Closing in on nearly two decades in court, this “David and Goliath” fight seems far from over. Plaintiffs contend that no amount of money can repair the damage to the environment and to the lives of the 30,000 who claim to have been affected, while the U.S. oil company has denounced the Ecuadorean court system as corrupt.
On Tuesday, an Ecuadorean appeals court upheld a ruling that Chevron Corp must pay $US 18 billion in damages to the government of Ecuador for allegedly polluting the Amazon River basin and damaging people’s health, Reuters reported.
An Ecuadorean judge had ordered the U.S. oil giant to pay $US 8.6 billion in environmental damages last February, but the amount was increased to about $US 18 billion after Chevron failed to make a public apology, as required by the original ruling.
“We ratify the ruling of Febuary 14, 2011, in all its parts, including the sentence for moral reparation,” the court in the Amazonian city of Lago Agrio said in its ruling on Tuesday.
“This (ruling) confirms and ratifies that the company polluted and affected the Amazon,” the plaintiffs said in a statement. “It is necessary to clarify that no amount will be enough to repair all the crime they did in our area, nor will it be enough to bring the dead back to life.”
In the next chapter of the 18-year bitter legal dispute, Chevron — which is currently also battling claims that it is responsible for environmental damage from an offshore oil spill in Brazil last November — quickly denounced Tuesday’s appellate court decision, calling it “illegitimate” and a fraud, according to Reuters.
“Today’s decision is another glaring example of the politicization and corruption of Ecuador’s judiciary that has plagued this fraudulent case from the start,” the statement said. “The Lago Agrio judgment was procured through a corrupt and fraudulent scheme, much of which was captured on film and memorialized in the plaintiffs’ representatives’ own emails and correspondence.”
Chevron accuses the lawyers of misconduct, including fabricating expert reports, manufacturing evidence, bribing and colluding with court officials, among others.
In a statement, the company also said it was pursuing an action in the U.S. District Court for the Southern District of New York against the plaintiffs’ lawyers for violations of the federal racketeering statute and common-law fraud.
Chevron is also banking on international arbitrators, who are expected to decide this month if they will weigh in on what has become a landmark international legal dispute.
Meanwhile, the plaintiffs’ latest statement has accused Chevron of “junk science,” lies, and “an international lobbying campaign to taint the reputation of Ecuador’s government.”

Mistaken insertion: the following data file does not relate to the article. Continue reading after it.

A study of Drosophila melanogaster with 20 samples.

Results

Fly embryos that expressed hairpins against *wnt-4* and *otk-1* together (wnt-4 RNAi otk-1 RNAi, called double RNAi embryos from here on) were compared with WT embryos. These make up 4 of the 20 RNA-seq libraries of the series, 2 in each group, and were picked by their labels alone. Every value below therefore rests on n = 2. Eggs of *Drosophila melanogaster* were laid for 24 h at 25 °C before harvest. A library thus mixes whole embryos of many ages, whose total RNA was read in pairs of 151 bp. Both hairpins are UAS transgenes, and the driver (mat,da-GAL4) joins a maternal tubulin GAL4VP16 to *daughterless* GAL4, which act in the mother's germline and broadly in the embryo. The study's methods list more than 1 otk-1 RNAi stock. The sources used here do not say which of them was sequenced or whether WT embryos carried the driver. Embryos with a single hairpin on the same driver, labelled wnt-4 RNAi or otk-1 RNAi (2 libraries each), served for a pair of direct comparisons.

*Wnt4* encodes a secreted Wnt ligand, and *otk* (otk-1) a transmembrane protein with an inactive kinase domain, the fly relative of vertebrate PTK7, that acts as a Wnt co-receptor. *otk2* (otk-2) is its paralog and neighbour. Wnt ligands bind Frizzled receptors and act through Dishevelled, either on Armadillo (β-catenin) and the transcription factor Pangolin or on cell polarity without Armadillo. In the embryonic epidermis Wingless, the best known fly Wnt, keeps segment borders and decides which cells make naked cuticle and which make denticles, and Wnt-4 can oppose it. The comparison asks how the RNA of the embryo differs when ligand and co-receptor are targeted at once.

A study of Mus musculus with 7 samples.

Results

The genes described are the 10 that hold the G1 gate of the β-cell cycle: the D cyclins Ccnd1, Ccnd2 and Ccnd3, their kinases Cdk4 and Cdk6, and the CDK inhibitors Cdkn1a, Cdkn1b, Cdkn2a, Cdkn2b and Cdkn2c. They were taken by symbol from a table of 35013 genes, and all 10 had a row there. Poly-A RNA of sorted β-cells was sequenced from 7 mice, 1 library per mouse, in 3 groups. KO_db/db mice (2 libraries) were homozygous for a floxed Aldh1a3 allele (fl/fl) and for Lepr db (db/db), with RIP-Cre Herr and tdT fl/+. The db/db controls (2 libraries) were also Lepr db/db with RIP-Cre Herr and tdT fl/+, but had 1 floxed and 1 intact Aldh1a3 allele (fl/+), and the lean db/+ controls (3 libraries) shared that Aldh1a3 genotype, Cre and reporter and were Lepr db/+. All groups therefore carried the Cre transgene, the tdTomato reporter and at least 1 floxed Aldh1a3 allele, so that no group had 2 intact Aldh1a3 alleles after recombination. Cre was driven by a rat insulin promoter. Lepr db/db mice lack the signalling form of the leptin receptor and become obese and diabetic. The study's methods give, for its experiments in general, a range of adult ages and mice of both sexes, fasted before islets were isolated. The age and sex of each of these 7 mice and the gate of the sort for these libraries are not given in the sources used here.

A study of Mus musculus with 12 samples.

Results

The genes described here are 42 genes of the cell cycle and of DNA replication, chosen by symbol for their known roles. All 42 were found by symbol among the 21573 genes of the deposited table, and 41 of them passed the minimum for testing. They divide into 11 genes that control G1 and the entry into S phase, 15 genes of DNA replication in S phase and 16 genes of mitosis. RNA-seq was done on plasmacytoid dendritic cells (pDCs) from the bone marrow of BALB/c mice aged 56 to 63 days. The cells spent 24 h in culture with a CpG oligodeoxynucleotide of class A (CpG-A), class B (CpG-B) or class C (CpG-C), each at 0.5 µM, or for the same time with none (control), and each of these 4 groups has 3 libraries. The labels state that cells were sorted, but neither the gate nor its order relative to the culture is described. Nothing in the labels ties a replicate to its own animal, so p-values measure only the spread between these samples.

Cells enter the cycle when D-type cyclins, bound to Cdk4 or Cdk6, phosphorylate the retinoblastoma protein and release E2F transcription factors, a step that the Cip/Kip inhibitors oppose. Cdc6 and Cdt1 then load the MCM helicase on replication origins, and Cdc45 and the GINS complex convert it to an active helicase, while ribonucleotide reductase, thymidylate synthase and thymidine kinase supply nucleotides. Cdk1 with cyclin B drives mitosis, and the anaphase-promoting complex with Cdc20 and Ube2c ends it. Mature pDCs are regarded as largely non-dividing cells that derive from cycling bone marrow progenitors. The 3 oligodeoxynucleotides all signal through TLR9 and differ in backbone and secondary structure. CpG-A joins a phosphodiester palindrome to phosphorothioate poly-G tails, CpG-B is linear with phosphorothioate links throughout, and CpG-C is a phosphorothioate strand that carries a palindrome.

The laswsuit against the U.S. oil company was brought on behalf of 30,000 Ecuadoreans from the Amazon River basin, who accuse Texaco – which Chevron acquired in 2001 – of dumping 450 million barrels (19 billion gallons) of toxic oilfield waste and 400,000 barrels (17 million gallons) of raw crude oil into unlined pits and rivers in the Amazon jungle between 1972 and 1992 and of damaging indigenous people’s health, according to the BBC. The local community asserts that decades of negligent drilling have polluted nearly 5,000 square kilometers (2,000 square miles) of Amazon waterways traditionally used by for laundry, cooking, drinking, and bathing.
Chevron denies responsibility, saying that Texaco had cleaned up its share of waste pits. The company also argues that investigators have found no scientific evidence of the long-term environmental, health, and social damage that the plaintiffs describe.
Commenting on the appellate court’s ruling, Ecuador’s president, Rafael Correa, said he was happy and described the dispute as a “David and Goliath” battle.
Yet, an Edward Jones analyst in St. Louis told Bloomberg that the ultimate outcome is unlikely to “cost the company.”
“There is really very little that Ecuador can go after in the country, and Chevron doesn’t really have any material assets there,” Brian Youngberg said in a phone interview with Bloomberg. “We are going to have to watch this play out through the international court system and the U.S. court system.”
Nadya Ivanova, a Bulgaria native, is a Chicago-based reporter for Circle of Blue. She co-writes The Stream, a daily digest of international water news trends.
Interests: Europe, China, Environmental Policy, International Security.